Summer Meals Are Heating Up For Hungry Kids In Macon
Most kids who rely on free or reduced-price lunch during the school year lose that steady source of food when the summer begins.
To help compensate for lost meals, counties across the state participate in the United States Department of Agriculture’s Summer Food Service Program. Schools, parks and other USDA-designated meal sites provide free breakfast and lunch to students in need.Summer Meals Are Heating Up For Hungry Kids In Macon
This year, however, Bibb County made a major addition to the program to reach more families: they’ve put hot food on the menu for the first time.
Timikel Sharpe, executive director of Bibb County School Nutrition, said students in the past asked for fresh-cooked meals instead of the usual cereal and or peanut butter sandwiches.
“So this year, we’re trying to do a traditional-type breakfast,” Sharpe said. “We have a hot breakfast on Mondays, like grits and eggs and sausage and biscuits, and the same thing on Friday. And then on Wednesday, we’re doing pancakes and that kind of thing.”
For lunch on Tuesday and Thursdays, Sharpe said they’re serving hamburgers and hot dogs. Kids can look forward to warm sandwiches and healthy sides for the rest of the week.
On a Wednesday afternoon in June, for example, about thirty kids under 18 passed through the lunch line at Bruce Elementary School for turkey-and-cheese on croissants, buttered corn, fresh apples, grape juice and milk.
Bibb County is not required to provide summer meals, cold or hot. But Lester Miller, president of the Bibb County Board of Education and a Macon mayoral candidate, said ensuring access to healthy meals is part of helping students learn.
“There’s been plenty of statistics that show that students who don’t get the proper meal or do not get the proper nutrition that they need at home, they don’t succeed very well in school,” Miller said. “They may repeat a grade. They may have low self-esteem. Or they may have other issues that’s related directly to food.”
Research from Feeding America indicates that kids who experience hunger, even temporarily, are more likely to be inattentive or disruptive once school starts back.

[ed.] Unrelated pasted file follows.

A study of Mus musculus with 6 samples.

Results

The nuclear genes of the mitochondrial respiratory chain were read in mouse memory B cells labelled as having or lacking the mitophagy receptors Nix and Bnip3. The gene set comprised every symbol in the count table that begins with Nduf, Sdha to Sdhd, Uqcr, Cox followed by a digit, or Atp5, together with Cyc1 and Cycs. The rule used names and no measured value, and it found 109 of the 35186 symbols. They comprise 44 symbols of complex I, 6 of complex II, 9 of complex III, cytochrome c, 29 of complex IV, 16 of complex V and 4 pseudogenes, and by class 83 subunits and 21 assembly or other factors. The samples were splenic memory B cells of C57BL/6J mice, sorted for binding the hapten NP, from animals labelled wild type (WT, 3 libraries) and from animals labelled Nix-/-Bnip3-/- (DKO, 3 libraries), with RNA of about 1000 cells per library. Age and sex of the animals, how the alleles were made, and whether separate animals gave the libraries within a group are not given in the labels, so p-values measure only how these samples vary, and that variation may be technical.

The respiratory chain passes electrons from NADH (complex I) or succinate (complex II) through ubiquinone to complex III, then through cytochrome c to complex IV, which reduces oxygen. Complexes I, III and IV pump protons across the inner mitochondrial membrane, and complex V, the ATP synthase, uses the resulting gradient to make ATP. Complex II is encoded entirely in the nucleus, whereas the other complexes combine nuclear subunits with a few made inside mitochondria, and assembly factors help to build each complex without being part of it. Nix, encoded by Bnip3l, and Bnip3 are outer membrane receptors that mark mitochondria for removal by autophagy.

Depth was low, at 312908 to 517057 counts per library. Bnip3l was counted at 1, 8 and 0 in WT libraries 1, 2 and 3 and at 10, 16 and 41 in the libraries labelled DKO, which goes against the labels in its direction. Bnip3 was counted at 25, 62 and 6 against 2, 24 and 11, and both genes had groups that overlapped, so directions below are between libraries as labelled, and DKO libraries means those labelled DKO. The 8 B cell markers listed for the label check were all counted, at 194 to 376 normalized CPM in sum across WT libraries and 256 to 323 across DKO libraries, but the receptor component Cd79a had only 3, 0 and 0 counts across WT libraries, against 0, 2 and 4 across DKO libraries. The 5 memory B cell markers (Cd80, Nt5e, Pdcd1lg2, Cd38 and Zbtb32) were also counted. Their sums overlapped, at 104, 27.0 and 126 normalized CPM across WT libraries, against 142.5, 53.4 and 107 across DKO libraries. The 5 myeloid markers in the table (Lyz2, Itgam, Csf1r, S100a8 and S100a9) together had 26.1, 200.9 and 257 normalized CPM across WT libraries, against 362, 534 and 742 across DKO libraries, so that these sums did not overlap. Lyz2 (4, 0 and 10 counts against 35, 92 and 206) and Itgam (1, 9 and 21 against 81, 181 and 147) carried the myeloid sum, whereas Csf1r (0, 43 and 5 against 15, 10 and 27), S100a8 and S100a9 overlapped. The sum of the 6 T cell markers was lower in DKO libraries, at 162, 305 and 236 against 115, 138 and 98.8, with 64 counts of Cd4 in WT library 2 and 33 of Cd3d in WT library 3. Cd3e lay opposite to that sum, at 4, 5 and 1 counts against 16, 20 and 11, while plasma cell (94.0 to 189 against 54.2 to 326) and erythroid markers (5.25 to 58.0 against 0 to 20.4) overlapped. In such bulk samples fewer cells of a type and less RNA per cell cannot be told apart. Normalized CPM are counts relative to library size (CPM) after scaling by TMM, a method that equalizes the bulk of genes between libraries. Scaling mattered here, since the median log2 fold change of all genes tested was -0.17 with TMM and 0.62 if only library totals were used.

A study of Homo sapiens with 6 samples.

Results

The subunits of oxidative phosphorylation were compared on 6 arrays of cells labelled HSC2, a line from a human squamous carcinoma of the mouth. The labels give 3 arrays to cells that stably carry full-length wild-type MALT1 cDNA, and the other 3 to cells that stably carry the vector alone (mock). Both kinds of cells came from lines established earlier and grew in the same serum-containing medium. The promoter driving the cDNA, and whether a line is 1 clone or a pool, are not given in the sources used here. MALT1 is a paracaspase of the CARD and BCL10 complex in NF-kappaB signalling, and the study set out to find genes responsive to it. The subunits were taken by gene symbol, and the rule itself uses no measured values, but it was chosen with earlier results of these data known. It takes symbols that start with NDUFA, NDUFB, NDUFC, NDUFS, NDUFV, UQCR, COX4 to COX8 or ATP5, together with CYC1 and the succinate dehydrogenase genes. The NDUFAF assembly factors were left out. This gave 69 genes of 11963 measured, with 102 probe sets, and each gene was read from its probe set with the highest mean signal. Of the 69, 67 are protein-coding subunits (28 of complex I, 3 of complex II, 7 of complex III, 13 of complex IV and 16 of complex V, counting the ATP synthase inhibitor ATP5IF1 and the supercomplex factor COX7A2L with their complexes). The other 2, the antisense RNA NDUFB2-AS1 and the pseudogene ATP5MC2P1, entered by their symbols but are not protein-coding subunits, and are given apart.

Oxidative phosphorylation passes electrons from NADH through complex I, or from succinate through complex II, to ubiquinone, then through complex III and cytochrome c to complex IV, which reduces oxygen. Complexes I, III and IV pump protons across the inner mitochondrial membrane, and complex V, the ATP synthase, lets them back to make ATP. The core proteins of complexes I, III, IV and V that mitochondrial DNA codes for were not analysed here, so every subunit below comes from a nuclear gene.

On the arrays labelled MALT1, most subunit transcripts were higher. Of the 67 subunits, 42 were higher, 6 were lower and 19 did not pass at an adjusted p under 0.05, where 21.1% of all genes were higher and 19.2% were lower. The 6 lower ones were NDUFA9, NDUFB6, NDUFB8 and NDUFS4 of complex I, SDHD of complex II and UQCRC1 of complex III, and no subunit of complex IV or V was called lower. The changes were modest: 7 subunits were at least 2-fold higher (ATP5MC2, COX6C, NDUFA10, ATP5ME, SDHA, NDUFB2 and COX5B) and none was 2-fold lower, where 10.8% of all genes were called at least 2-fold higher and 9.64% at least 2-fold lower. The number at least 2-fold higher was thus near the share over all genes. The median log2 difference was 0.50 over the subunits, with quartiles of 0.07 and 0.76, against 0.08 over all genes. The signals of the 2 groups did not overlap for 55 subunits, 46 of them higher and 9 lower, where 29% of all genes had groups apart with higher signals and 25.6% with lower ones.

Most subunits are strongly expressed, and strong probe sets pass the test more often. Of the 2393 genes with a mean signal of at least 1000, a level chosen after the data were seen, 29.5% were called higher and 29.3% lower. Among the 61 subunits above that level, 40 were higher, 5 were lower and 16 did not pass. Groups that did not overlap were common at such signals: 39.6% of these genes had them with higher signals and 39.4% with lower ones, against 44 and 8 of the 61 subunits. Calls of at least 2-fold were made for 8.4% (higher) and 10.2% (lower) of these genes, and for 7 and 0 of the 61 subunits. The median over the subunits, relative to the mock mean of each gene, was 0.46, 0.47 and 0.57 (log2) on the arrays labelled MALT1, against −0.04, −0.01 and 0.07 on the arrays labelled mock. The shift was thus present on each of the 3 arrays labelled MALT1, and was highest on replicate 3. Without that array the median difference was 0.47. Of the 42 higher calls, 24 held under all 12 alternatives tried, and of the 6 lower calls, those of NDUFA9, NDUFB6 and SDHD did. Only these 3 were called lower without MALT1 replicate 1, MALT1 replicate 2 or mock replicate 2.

Family grocery costs can increase by more than $300 per month when school-aged children come home for the summer, according to No Kid Hungry. This means that many families -- more than two-thirds -- have to choose between buying food or paying for utilities, healthcare or other costs.
When healthy food isn’t consistently available, children are more likely to forget what they learned in school the year before. They may also suffer long-term health problems, such as vitamin deficiencies, anemia, type 2 diabetes and heart disease.
For those in the mid-state area, these issues hit close to home. The Middle Georgia Community Food Bank reports that almost 100,000 children face food insecurity each summer, and about a quarter of them live in Macon alone.
Bibb County’s summer meals program currently serves about 10,000 kids a day, according to Sharpe -- less than half of those in need.
She said she hopes the hot food will help close that gap.
“We are trying to move around the trend of what we serve to try and entice children to get up and come and have a really great breakfast, and then come back for lunch,” Sharpe said.
The update required some changes within the program itself. For starters, Sharpe said they needed more staff to help prepare the meals.
“We have a benefit of having a central kitchen, so when we even do our hamburgers and hotdogs, we have a kitchen that can start to put those things together and send them to the schools, and then they cook them at the school,” she said. “So whereas in some other schools, they may have to make it all from there, we have a warehouse and everything.”
The program offers more than meals: kids also get a chance to play with friends in the gym. Volunteers provide games and activities for the children when they’ve finished their meals.
Macon mom Samantha Taylor brings her two boys to the Bruce Elementary location.
“I love it for the kids,” Taylor said. “My kids love coming here. They wake up in the morning and want to come, so I think it’s amazing what they do for our kids.”